Have you ever wondered about the connection between symbol and meaning ? When we think of the written letter, or word, what are we talking about in terms of the human capacity to associate mere symbols with meaning? Let me offer this illustration…
Take the letter “S” for example. If we conduct a mental exercise where we remove the context of “S” as a letter in the alphabet, what are we left with? The “S” becomes really no more than a squiggly line (symbol) on the page, devoid of meaning. The same goes for all other letters, numbers, etc., and in auditory terms, sounds, voice, music, etc. So how is it possible to associate a mere squiggle with specific meaning? How is it possible to associate a loud siren with the need to pull to the side of the road to let the fire truck pass?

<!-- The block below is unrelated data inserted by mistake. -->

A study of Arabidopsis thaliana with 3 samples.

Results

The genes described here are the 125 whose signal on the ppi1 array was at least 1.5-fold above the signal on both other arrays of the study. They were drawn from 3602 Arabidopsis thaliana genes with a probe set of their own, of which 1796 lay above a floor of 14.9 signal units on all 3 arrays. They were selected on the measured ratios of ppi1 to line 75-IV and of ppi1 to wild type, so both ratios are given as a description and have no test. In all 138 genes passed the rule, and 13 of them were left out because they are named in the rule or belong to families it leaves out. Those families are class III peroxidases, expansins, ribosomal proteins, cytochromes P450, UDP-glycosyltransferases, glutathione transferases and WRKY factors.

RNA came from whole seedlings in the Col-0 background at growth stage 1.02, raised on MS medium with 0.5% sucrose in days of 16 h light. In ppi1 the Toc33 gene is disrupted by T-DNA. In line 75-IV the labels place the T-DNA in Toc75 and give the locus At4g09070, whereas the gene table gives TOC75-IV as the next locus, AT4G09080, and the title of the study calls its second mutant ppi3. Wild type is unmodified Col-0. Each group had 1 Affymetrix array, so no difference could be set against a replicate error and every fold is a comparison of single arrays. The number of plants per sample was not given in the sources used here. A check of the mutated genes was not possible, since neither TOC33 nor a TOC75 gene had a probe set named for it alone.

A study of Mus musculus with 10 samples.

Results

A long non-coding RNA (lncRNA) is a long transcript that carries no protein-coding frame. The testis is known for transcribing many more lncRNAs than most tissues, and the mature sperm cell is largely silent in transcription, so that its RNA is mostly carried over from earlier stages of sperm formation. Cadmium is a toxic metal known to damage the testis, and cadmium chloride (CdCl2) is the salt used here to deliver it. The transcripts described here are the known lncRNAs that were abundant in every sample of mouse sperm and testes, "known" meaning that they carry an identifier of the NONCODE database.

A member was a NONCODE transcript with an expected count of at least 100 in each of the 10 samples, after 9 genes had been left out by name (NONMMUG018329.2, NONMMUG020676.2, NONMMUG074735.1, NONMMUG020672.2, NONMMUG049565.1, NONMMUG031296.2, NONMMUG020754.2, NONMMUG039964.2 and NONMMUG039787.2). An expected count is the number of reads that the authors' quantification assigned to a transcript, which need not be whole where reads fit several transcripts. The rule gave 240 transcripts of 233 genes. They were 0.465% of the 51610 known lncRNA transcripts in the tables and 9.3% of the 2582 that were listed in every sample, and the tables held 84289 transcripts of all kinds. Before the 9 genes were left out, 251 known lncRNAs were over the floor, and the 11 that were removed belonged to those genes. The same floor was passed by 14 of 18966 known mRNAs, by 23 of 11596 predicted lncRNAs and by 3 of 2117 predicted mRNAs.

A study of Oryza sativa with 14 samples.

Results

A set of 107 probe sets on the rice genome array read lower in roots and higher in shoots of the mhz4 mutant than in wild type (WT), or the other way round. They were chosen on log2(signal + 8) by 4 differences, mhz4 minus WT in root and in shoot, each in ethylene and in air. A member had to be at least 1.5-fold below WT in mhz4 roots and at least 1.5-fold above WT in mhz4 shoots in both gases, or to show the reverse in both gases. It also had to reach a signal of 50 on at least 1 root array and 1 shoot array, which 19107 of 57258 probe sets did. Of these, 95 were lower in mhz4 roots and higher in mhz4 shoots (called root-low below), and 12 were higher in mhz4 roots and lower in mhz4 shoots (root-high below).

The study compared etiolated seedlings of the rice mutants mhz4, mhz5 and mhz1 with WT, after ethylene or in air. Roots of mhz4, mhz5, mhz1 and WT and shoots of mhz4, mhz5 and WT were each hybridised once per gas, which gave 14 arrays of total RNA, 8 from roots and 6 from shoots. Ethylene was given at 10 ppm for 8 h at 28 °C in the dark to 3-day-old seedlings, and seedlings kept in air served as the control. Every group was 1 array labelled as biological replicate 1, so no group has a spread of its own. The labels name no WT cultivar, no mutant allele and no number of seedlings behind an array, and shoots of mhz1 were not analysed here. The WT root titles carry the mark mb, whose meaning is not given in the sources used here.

There must be a bridge between the mere symbol and meaning; between the mere sound and meaning. What faculty comes in to play to bridge the two?
As a past art teacher, and one who has worked in, near or around the arts for his entire professional career, one phrase I abhor is “I have no imagination.” I never quite know what this means since, as I have just illustrated, there is no such thing as a communicating, functioning human being without the capacity to imagine. Just to say “I have no imagination” requires an immense, almost miraculous degree of imagination.
I’ve always thought the question should be more like “How do I foster or channel my imagination to create new possibilities; new understanding; new uses of symbol to arrive at fantastic new meaning?”